What to Expect, Wrap Up
Not everyone will agree but I think Rise of the Tomb Raider looks even better than other visually stunning games, including prodigious The Witcher 3.
In the past few days we've seen forums filling up with comments about how unoptimized the game is and this just isn't true. There might still be room for further optimization, but it's an excellent port on the whole. Rise of the Tomb Raider is a lot like the original Crysis in that it's a bit ahead of its time, which is a good thing.
If more games were like this the PC gaming world would be more on the cutting edge and enthusiasts who have heavily invested in high-end multi-GPU setups would be able to enjoy an experience worthy of that investment more often.
Rise of the Tomb Raider is a lot like the original Crysis in that it's a bit ahead of its time, which is a good thing.
The graphics are so mind-blowing that I've nearly played the game twice. The first time I was so taken in by the incredible graphics that I often lost focus of the storyline and objective. There isn't a world of difference between the Medium, High and Very High presets (for a detailed side-by-side comparison, go here). Having spent quite a bit of time playing around with the various graphics settings it became clear that the big killer for performance was Nvidia's HBAO+. This ambient occlusion method reduced performance of Radeon GPUs by 15% or more while Nvidia's GPUs took a much smaller hit.
Turning off Pure Hair allowed for an additional 6 - 8% performance on both AMD and Nvidia GPUs so the impact of this hair technology isn't significant in Rise of the Tomb Raider and certainly nothing like Nvidia's HairWorks in The Witcher 3.
Gamers using AMD hardware, namely current-gen flagships such as the Fury and Nano series, we recommend avoiding the Very High quality preset for now as performance gets a bit messy due to brutal frame drops. These same settings don't hammer the 390X and 390 nearly as much and they are able to deliver quite nice performance at 1080p. The issue has to be VRAM-related but for whatever reason Nvidia's own GTX 970 doesn't suffer the same performance issues, though it's a good bit slower than the 390 here.
This game gobbles memory -- both VRAM and system RAM. In our test it would allocate up to 7GB of VRAM when using the R9 390 or 390X. With the 390 or 390X installed the game would consume 4.2GB of system memory and that jumps to 7.1GB with the Nano or Fury. It's worth mentioning that for these benchmarks our test system was only configured with 8GB of DDR4 memory rather than the usual 16GB. Not realizing this could be an issue and it's something I will look into shortly using the Fury X and Nano.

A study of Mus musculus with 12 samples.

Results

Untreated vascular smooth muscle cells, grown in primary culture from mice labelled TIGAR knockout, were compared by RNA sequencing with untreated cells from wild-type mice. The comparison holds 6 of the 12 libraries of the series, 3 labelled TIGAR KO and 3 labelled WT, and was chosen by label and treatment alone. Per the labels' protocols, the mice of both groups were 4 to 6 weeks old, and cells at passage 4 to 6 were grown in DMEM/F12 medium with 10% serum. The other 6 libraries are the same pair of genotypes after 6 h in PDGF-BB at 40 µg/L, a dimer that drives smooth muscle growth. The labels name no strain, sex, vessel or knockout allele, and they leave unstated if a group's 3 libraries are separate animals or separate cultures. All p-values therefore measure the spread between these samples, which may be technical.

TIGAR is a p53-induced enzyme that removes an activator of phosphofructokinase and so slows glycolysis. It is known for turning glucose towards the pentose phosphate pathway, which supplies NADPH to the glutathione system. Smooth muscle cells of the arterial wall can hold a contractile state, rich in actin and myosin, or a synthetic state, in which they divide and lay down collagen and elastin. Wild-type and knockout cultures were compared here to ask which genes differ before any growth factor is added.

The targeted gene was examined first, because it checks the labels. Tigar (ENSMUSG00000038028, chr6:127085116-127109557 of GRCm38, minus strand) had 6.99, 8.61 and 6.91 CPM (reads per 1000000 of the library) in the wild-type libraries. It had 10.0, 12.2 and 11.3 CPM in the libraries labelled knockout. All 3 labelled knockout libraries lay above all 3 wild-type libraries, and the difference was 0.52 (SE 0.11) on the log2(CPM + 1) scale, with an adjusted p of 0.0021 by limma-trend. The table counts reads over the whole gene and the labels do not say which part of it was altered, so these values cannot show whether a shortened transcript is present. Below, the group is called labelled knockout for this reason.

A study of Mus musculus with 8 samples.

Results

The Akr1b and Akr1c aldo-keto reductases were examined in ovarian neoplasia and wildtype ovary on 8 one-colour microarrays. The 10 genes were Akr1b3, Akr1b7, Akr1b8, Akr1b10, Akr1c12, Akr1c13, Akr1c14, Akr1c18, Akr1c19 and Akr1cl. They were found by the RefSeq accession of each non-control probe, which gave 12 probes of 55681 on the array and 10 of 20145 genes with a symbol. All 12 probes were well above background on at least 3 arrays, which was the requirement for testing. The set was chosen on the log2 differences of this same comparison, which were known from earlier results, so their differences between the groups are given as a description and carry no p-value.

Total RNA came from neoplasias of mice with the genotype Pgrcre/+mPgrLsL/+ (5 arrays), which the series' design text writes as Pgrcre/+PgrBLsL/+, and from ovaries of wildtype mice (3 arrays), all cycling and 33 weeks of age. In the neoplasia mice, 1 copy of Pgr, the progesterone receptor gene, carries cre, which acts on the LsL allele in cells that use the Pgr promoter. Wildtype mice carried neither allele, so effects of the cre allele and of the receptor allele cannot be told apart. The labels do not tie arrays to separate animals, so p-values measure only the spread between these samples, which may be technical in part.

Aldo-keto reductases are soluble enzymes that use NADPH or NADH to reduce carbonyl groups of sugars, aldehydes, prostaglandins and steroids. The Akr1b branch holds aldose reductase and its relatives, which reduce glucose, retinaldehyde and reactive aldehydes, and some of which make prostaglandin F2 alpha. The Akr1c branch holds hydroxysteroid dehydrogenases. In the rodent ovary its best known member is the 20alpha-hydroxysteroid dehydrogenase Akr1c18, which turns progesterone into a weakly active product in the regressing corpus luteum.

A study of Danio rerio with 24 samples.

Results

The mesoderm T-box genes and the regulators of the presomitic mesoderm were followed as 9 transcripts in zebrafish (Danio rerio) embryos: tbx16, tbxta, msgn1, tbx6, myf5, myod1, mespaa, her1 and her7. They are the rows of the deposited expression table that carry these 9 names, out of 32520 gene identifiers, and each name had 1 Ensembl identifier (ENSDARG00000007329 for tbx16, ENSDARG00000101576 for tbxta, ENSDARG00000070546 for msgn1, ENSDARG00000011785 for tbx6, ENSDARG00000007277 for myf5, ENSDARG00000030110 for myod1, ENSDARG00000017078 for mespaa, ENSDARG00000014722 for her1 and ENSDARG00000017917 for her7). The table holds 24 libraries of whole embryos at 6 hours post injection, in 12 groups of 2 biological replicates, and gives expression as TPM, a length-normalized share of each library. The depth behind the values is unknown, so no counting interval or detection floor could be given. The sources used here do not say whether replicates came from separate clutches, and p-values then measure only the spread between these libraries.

When running at 1440p on 'High', we didn't suffer any frame rate stuttering with the Nano or Fury X like we did at 1080p using the 'Very High' preset. In fact, AMD's flagship GPUs performed well and provided noticeably better performance than the 390X and GTX 980. This is short of saying, a driver update for Radeon cards should address some of these issues.
Gamers looking to take advantage of their shiny new 4K panels will want at least $1,300 worth of GPUs in their rig as we found dual Fury Xs or 980 Tis to be a must here.
On the CPU performance front we found some interesting results, most notably of which were found when comparing the Core i7-6700K and 4770K. The 6700K was quite a bit faster and yet when downclocked to 2.5GHz performance wasn't degraded. As usual, gamers running a Core i5 or Core i7 processor released in the last four years shouldn't have any worries with this title.
Heavily clocked AMD FX processors will also get by without much trouble. We were surprised by how well the Core i3 processors performed, in particular the i3-6100 which matched the FX-8350. Despite their dual-core designs, the Pentium G3258 and G4400 also managed to deliver more consistent performance than the Athlon X4 860K.
Playing on the Core i7-6700K showed a CPU load of around 20-30% and this shot up to around 60-80% on the FX-9590.
Overall, Rise of the Tomb Raider looks amazing and I believe the gorgeous visuals warrant its steep demand for graphics hardware.